Estimating odds of recession in 2023

Feb. 21, 2023
Understanding the Federal Reserve’s recession indicators.

Having spent almost all of 2020 under various forms of lockdown, the global economy began to regain its momentum in 2021. But by late 2021, new instability, most visible in the supply chain disruptions, was threatening further growth.

New patterns of demand, together with uncertainty in supply, brought about changes in prices that quickly coalesced into enough inflation to attract the attention of the Federal Reserve, which began to raise interest rates early in 2022.

The single-most important factor in determining the start of a recession in 2023 is how, when, and why the Federal Reserve stops raising the Target Federal Funds rate. Unless there are exigent circumstances, all announcements about monetary policy will take place at the regularly scheduled meetings of the Federal Open Market Committee (FOMC). At those meetings, the Committee examines a host of economic statistics as well as anecdotal information about business conditions to decide what the risks to stable economic states are and how to meet those risks.

The first economic statistics the FOMC gives a close reading to are the employment figures published by the Bureau of Labor Statistics, usually on the first Friday of the month. We say “close reading” because the headlines on the report are the least valuable piece of information in the report. The size and, most importantly, the composition of the change in employment is what matters.

Over the past several months, the number of people on payrolls has been increasing by about 250,000 each month, a pace consistent with an expanding economy. Because the FOMC has stated a desire to see the pace of expansion slacken, it will take a smaller number to convince them of that fact.

The second report the FOMC will look at, also in minute detail, is the rate of inflation as calculated by the Bureau of Labor Statistics in the All-Items Consumer Price Index Report (CPI). The CPI is a measure of the cost of living. The year-over-year percent change in the CPI is the most widely known measure of inflation. The FOMC uses the CPI rate of inflation, together with several other indexes, to assess current and prospective price pressures in the economy. Rising inflation is a risk to economic stability. And because the FOMC is charged with protecting against risks to economic stability, it responds to changes in the level of inflation.

While we have recently seen considerable improvement in the headline rate of inflation, which has come down from 9.0% in June 2022 to 6.4% in December 2022, one might ask how quickly the CPI might go back to 2%, which is the FOMC’s target rate of inflation.

Based on what we can see in the latest report, the answer is “not soon.” While gasoline and used-car prices have abated, we still have significant pressure from the shelter and food components of the index, all of which suggests a headline rate of 5% or higher during the first half of the year.

Which brings us to the process under which the FOMC will discuss and decide what their next course of action will be.

Since 1987, it has been the practice of the FOMC to engage in an interest rate management strategy known as “pause and pivot.” Each of the episodes in which they have engaged in a campaign to slow the economy through higher interest rates has contained an interval where they held interest rates steady (the pause) before they lowered them (the pivot). Jerome H. Powell, Chair of the Board of Governors of the Federal Reserve System, has indicated that they intend to continue raising rates during both the January and March FOMC meetings.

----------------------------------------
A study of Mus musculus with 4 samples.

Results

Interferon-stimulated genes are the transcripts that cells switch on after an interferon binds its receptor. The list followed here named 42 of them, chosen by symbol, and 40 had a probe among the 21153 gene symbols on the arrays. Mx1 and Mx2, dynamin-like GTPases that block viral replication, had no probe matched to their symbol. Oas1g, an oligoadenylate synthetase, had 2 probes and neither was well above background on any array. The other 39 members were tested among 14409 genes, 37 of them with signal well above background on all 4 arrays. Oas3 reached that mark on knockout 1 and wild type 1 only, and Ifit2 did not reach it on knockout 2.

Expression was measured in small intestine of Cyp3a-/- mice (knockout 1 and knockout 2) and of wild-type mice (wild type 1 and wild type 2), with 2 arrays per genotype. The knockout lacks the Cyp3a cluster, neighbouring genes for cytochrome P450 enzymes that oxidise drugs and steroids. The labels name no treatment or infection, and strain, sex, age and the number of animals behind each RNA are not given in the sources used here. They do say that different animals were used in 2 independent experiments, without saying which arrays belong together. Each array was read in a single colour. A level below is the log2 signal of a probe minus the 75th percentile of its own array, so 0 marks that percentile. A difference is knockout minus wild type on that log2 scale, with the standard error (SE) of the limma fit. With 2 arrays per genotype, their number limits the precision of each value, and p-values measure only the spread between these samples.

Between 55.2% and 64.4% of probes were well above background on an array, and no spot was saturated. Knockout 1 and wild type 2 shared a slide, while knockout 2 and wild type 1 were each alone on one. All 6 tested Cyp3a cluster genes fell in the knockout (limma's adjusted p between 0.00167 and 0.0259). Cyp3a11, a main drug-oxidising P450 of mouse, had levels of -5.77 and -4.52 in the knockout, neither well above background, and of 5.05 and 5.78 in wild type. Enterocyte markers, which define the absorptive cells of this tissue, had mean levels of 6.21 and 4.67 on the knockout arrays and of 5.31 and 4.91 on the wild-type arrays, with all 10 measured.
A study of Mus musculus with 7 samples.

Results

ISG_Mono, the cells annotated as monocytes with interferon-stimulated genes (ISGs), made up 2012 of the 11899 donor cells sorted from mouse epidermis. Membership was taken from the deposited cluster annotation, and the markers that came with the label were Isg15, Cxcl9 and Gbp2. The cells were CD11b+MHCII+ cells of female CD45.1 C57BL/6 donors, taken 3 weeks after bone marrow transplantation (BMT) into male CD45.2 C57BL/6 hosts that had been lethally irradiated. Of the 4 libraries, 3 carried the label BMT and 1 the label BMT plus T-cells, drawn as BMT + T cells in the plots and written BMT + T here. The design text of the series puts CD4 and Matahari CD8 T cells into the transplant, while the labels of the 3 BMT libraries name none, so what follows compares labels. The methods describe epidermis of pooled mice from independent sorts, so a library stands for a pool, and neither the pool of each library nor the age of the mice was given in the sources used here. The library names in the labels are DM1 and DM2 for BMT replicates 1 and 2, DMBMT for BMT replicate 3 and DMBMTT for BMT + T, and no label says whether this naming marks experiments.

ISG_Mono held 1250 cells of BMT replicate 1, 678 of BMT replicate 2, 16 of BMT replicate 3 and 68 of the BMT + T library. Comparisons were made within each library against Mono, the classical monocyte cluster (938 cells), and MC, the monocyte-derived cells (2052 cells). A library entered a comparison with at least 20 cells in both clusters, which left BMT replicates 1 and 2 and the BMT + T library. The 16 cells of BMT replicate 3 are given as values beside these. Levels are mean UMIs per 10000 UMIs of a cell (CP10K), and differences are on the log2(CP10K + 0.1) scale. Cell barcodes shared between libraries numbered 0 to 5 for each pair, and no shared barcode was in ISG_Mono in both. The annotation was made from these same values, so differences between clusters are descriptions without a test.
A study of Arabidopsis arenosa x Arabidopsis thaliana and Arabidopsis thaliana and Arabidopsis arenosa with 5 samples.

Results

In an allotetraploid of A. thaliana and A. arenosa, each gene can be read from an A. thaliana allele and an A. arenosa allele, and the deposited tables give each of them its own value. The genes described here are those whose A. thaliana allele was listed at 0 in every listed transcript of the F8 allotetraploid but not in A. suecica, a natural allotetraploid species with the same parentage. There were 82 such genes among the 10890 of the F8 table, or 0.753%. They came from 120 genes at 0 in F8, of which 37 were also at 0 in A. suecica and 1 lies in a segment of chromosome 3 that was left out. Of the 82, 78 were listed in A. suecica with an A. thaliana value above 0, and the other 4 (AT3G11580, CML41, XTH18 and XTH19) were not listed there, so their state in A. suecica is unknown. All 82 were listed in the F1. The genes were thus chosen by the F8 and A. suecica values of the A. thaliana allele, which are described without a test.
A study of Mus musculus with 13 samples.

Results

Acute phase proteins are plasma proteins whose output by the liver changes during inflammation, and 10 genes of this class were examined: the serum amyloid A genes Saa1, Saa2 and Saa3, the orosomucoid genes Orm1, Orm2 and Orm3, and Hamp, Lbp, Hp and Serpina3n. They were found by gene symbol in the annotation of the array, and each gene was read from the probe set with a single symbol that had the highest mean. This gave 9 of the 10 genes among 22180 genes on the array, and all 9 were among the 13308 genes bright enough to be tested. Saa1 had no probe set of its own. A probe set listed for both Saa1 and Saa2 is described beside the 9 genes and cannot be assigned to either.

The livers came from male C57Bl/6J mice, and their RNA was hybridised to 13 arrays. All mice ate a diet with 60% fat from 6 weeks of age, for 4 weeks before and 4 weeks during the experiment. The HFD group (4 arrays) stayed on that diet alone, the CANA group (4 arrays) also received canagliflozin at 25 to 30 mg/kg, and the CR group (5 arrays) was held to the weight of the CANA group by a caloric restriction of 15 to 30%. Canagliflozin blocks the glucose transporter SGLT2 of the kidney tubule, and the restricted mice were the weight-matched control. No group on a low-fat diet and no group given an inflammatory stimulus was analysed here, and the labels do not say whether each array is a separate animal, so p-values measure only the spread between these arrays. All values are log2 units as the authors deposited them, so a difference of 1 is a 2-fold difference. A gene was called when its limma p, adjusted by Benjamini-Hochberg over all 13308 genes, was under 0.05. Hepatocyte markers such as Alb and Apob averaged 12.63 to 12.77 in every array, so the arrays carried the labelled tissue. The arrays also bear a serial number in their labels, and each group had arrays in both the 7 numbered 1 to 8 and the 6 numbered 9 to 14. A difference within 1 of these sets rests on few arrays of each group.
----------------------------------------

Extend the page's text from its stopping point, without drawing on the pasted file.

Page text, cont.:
Because the FOMC wants to avoid surprises that might disrupt the smooth functioning of the financial system, they will go through a rather elaborate procedure of communicating a policy change.

The first step of that process will involve having the presidents of the 12 regional Federal Reserve banks who have a vote on the FOMC make speeches about the need for a change in policy.

The second step will have one of the members of the Board of Governors of the Federal Reserve continue that discussion. We might also see a dissenting vote or two at a meeting to emphasize the point that changes are being debated.

The final step is for Chair Powell to make the announcement that policy has been changed and to provide the forward guidance that will be used for further policy action.

Based on what we know now, the pause will not come before the May meeting. If, indeed, that turns out to be the beginning of the pause, when the pivot happens will depend on what has taken place with both the employment and inflation measures the FOMC follows.

By then, we should have a much better idea of what the true odds of a business cycle peak in 2023 really are.

About the Author

Robert Dieli | Economist at MacKay & Company

MacKay & Company specializes in market research for commercial trucking, construction equipment, and agricultural machinery. The company provides strategic research and analysis to vehicle and component manufacturers, distribution and service channels, industry associations, and private equity firms. With a long career managing portfolios and coordinating domestic economic forecasting programs, Dieli began RDLB, Inc. in 2001. In this role, Dieli serves as an advisor to many firms in the trucking, consulting, and financial services sectors. He is also an economist with MacKay & Company.